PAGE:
Industry Fields Fracking Questions
No documented water contamination, gas panelist says
Morgantown Dominion Post
11 July 2012
By David Beard
On the same day Gov. Earl Ray Tomblin announced the membership of
his Natural Gas Vehicle Task Force, the industry advocacy group,
Energize West Virginia with Natural Gas, held its first 2012 town
hall at the Morgantown Ramada Inn.
The timing was coincidental — the forum had been planned for some
time — but highlighted the ongoing importance of the Marcellus
shale industry to the state’s economic future.
The Tuesday evening forum drew several dozen people — some
outspokenly for or against the gas industry — for an overview on
fracking and a Q&A session.
Kim Lawrence, with Energize West Virginia, reviewed some of the
technology and bright economic forecasts regarding the Marcellus
shale industry — reported frequently in The Dominion Post — noting
the industry has generated 7,600 new West Virginia jobs in the
past five years: The natural gas workforce now totals 37,600 jobs.
Audience member Renee Hernandez, of Morgantown, protested fracking
at several public meetings and was chastised by other audience
members and panelists several times Monday for disrupting the
program. She raised the issue of a 2010 lawsuit filed against
Texasbased Southwestern Energy Co. alleging faulty cement on a
well casing led to contamination of a northeast Pennsylvania
Panelist Kyle Mork, with Energy Corporation of America, responded,
“As an industry, we really stand behind [the fact] there has been
no documented instance of contamination from fracking or frack
Another audience member complained that gas well production has
led to higher chloride and other contaminant levels in streams in
some areas, but the state and industry have been slow to take
Panelist Mike John — president of Northeast Natural Energy, which
operates two wells in Morgantown Industrial Park and two more in
Blacksville — said landowners should insist on water tests before
any production begins. Measurable data in hand is the best way to
track potential contamination.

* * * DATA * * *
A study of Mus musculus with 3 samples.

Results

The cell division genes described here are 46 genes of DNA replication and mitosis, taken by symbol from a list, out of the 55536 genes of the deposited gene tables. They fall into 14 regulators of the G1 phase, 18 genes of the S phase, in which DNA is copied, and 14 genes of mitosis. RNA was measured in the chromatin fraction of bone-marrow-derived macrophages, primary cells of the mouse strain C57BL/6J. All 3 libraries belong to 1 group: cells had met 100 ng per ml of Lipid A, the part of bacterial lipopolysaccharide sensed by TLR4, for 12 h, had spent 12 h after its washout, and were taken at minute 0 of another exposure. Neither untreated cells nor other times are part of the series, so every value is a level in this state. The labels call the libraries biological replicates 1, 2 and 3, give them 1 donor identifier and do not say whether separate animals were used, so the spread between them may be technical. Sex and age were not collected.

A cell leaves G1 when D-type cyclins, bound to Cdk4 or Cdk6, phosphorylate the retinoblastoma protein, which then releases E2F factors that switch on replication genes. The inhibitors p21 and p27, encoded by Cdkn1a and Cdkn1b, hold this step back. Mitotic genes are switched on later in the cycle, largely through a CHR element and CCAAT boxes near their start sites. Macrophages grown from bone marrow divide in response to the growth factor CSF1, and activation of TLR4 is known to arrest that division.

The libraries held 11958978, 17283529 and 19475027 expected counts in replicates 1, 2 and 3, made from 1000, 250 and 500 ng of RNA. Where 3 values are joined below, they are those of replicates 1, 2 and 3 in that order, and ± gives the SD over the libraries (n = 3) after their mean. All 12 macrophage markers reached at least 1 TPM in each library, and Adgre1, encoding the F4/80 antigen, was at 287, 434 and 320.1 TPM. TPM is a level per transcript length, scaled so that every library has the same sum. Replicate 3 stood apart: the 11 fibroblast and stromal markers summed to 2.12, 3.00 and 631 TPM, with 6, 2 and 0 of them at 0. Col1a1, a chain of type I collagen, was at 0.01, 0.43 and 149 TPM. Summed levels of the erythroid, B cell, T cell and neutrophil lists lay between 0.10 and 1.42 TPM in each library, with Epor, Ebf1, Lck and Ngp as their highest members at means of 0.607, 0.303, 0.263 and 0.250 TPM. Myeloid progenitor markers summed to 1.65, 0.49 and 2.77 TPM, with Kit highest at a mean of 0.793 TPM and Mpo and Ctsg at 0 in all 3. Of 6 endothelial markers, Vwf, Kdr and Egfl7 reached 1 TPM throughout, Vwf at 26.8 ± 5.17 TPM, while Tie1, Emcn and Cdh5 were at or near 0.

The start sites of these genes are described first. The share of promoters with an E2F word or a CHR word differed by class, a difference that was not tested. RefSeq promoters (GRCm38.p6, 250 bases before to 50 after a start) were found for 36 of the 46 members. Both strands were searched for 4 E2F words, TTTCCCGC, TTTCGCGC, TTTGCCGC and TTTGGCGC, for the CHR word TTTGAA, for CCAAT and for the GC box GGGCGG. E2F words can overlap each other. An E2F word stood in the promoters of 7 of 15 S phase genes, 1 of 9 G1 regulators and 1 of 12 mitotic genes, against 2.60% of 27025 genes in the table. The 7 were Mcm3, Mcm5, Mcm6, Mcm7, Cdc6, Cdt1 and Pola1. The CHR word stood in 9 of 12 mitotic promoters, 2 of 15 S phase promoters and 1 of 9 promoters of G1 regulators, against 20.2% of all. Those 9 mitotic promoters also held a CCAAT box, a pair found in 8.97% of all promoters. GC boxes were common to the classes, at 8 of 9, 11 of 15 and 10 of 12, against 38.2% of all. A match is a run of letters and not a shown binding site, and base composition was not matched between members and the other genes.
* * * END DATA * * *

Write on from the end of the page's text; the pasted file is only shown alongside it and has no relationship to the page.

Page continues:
“I’ve lived my whole life in West Virginia,” John said, “and
everyone working for my company lives here too.”
Many fielded technical questions about the size of well pads, how
much of the formation’s gas can be captured from a site — answers
ranged from 25-50 percent — to what property buyers should do to
protect themselves when negotiating a deal.
On the land question, Bowles Rice attorney Britt Freund said to
make sure an attorney does a good title search to establish clear
ownership of the property in question.
Natural gas prices remain at historic lows, and companies are
shifting their focus from dry gas areas — including Mon, Marion
and Preston counties — to the richer, wet gas found along the Ohio
River, the Northern Panhandle and into Ohio.
The Dominion Post asked Morgantown’s Scott Rotruck, with
Chesapeake Energy, what that means to the optimistic economic
forecasts for the state. He said Chesapeake is still working the
wet gas in Wetzel County and up into the Panhandle. Eventually
prices will go up and drilling the dry gas will resume.
Meanwhile, he told the crowd and repeated to The Dominion Post,
the industry and the governor are promoting the future of natural
gas vehicles. Tomblin’s task force will study the feasibility of
converting the state’s vehicle fleet to natural gas fuel. Rotruck
is one of the 15 appointed members of the task force.
Jim Kotcon, with the Sierra Club, mentioned a time when about a
third of WVU’s vehicle fleet was powered by natural gas, but
policy changes shifted it all back to petroleum. What’s to stop
that from happening again, he asked.
Economics was the answer. At one time, natural gas couldn’t
compete with oil, but now it’s far cheaper. And the horizontal
drilling-hydraulic fracking combo make it abundant. There are rich
shale plays across the country, and the Marcellus and Utica under
West Virginia and its neighbors combine to make the largest gas
reserve in the world.
John said, “Fracking has completely changed the paradigm of how
our country looks at natural gas as a resource. This resource is
huge. It’s right here underneath our feet.”